I grew up in Shelbyville, KY. At the time, it was a small community of about 5000. In grade school I remember a lot of fear over child abductions. This seemed to have hit national news about children in small towns and rural communities being targeted so there was a general caution that bordered a bit on hysteria. My mom was leery of any white van that rolled through the neighborhood to the point that she would call me in the house if she saw one driving down our road. I recall a local bank exhausting efforts to focus intently on child safety. They sponsored fingerprinting campaigns in the school and printed our report card holders with an additional message to drive home the point of child safety. I remember the slogan on the card sleeve saying, “In life, just as in baseball, the important thing is to get home safe”. It was an effective single-issue focus. So effective that without anything but I guess I would assume that bank had well over half of the community’s business. Everyone knew what they stood for and seemed to respond by trusting them with their banking.
Single issues can do that. A solid focus on one thing, and only one thing, can easily garner a ground swell of those who support your single issue. Child safety is a good one. This is a great common denominator that almost everyone can agree is important. Put that child in their mother’s womb and you’ll get even more fervor, both supporting and opposing fervor, mind you, but fervor, nonetheless.. However, when you take that single issue to the voting booth, as often “values” voters do, you just might be doing yourself and those you supposedly care about a greater injustice in the long run.
Suppose, and this is not at all the case, but just suppose that the bank I mentioned was skimming cash out the back door to pad the executives’ off-shore accounts. And lets extend that imagination even more to suggest that not only were they embezzling money, they were funding human trafficking and sex tourism in resort locations around the globe. Suddenly their quaint message of child safety seems a little ironic, at best. Again, just drawing a comparison, please don’t think I’m suggesting anything nefarious from my hometown bank.
I heard a news report on Morning Edition on NPR this morning with interviews of Roy Moore supporters in Alabama. I don’t care if it’s this special election, or any general election since 1973, there are always single issue voters who say abortion is the only litmus test. This is, quite frankly, both dangerous and irresponsible. By the way, I’m all for a single issue. But what has happened here is that we’ve selected one species of tree to protect instead of protecting the whole forest.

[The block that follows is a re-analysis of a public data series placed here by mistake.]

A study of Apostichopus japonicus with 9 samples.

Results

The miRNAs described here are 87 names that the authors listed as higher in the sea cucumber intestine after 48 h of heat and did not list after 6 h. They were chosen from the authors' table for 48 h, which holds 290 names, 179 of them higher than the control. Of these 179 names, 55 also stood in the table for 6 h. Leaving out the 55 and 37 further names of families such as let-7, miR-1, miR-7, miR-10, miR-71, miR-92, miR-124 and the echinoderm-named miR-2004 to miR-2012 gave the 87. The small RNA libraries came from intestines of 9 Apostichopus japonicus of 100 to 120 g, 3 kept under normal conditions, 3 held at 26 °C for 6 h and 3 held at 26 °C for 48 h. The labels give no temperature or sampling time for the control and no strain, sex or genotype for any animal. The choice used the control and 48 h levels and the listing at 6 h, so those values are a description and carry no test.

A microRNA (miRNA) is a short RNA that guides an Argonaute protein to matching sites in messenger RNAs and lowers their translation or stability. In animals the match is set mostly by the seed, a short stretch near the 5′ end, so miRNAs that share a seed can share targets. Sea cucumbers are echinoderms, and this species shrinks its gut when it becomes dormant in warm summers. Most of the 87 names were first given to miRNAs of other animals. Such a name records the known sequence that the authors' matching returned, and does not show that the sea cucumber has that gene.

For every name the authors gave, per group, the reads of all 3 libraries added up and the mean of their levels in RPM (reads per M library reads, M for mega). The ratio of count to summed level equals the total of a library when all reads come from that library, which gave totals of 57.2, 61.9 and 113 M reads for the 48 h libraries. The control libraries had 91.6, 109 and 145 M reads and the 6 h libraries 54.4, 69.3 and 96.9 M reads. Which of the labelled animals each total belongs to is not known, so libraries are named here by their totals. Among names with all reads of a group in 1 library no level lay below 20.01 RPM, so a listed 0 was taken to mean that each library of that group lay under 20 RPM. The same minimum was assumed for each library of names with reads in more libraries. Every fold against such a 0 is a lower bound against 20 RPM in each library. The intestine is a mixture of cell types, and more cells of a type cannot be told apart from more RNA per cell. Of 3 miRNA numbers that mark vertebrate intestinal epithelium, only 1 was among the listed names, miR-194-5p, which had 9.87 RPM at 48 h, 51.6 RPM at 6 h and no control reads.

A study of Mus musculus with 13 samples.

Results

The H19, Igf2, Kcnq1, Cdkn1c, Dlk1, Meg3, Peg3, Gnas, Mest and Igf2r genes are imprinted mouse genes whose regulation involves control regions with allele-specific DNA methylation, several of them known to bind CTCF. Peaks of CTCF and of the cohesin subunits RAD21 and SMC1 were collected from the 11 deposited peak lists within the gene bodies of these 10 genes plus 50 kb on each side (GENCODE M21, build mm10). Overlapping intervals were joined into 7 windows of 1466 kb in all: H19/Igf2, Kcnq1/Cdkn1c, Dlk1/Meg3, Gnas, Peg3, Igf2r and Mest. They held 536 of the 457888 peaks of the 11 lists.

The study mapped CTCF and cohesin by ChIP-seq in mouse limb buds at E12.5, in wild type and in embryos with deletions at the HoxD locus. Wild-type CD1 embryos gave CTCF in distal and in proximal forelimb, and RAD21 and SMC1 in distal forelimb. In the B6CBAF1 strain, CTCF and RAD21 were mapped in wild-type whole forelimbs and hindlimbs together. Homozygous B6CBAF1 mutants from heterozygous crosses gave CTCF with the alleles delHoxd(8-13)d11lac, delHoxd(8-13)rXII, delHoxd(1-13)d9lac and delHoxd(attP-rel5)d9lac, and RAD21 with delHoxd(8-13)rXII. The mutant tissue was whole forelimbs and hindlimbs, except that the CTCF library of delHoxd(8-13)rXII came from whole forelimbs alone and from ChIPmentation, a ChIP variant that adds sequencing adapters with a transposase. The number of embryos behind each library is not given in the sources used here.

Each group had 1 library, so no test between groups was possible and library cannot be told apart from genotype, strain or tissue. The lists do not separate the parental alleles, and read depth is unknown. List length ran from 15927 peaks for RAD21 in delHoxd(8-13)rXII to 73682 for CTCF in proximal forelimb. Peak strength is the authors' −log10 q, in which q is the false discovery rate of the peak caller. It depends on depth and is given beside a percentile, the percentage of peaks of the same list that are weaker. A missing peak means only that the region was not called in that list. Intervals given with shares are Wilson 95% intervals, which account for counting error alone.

The Catholic Church is a stalwart in the efforts to rid the world of abortion. And it’s likely the effective campaigning from many a fervent Catholic that has brought the abortion issue to be bright-lighted so radiantly as the single issue it is. However, abortion is but one of many issues that all fall under the one big single issue of Human Dignity. Let’s go back to the forest. If we effectively promoted that the entire forest needed to be preserved, not just White Pine saplings, then we might actually be on our way to making real environmental progress and protecting the saplings. If we adopt this attitude maybe now we’re not going to saw down the mature oaks to make way for the little White Pines. Maybe.
This is essentially what we do when we hinge our voting decision on the single issue of abortion. The official Catholic position on this is that one is free to choose even a pro-choice candidate if the reason for the vote being cast isn’t because of a hope of expanded abortion access. This is good news seeing as how well over half of self-identifying Catholics are registered Democrats according to a number of polling sources. If you appreciate the fact that a candidate is in support of expanded social safety nets, for instance, even if their position on abortion is hawkishly supportive, then vote for them with a clear conscience. You don’t need to hold your nose and push the button as many think they need to do. And, if your moral integrity is challenged by all the options you have on a ballot then sit the election out. There is no moral authority to cast a vote. Voting is a right and a privilege. It is not compulsory.
So let’s work on shifting the single-issue focus to the forest and not the tree. If we were to examine the impact of Human Dignity in every election or choices may be broadened. If we look at policies that could improve the opportunities for mothers to have the support they need to be parents instead of looking only at the unborn then maybe we can make honest choices that aren’t so seemingly coerced. As I listen in every election I hear the same lament, “he’s not my first choice, but he’s at least pro-life”. Shouldn’t that reflection tell you something? If it’s true then examine why this individual isn’t you’re first choice and then really vote, or choose not to vote, with a completely clear conscience.
Human Dignity is a single issue just as the forest is a singular location. But, the forest is home to a number of trees, vegetation and animal life that makes it a much better choice for focus. Do we kill the wolves to protect the rabbits? Not when the forest is our focus. Sometimes it’s the subtle ways of looking at things that make all the difference.
Be single-issue focused. Just make sure it’s the right single issue.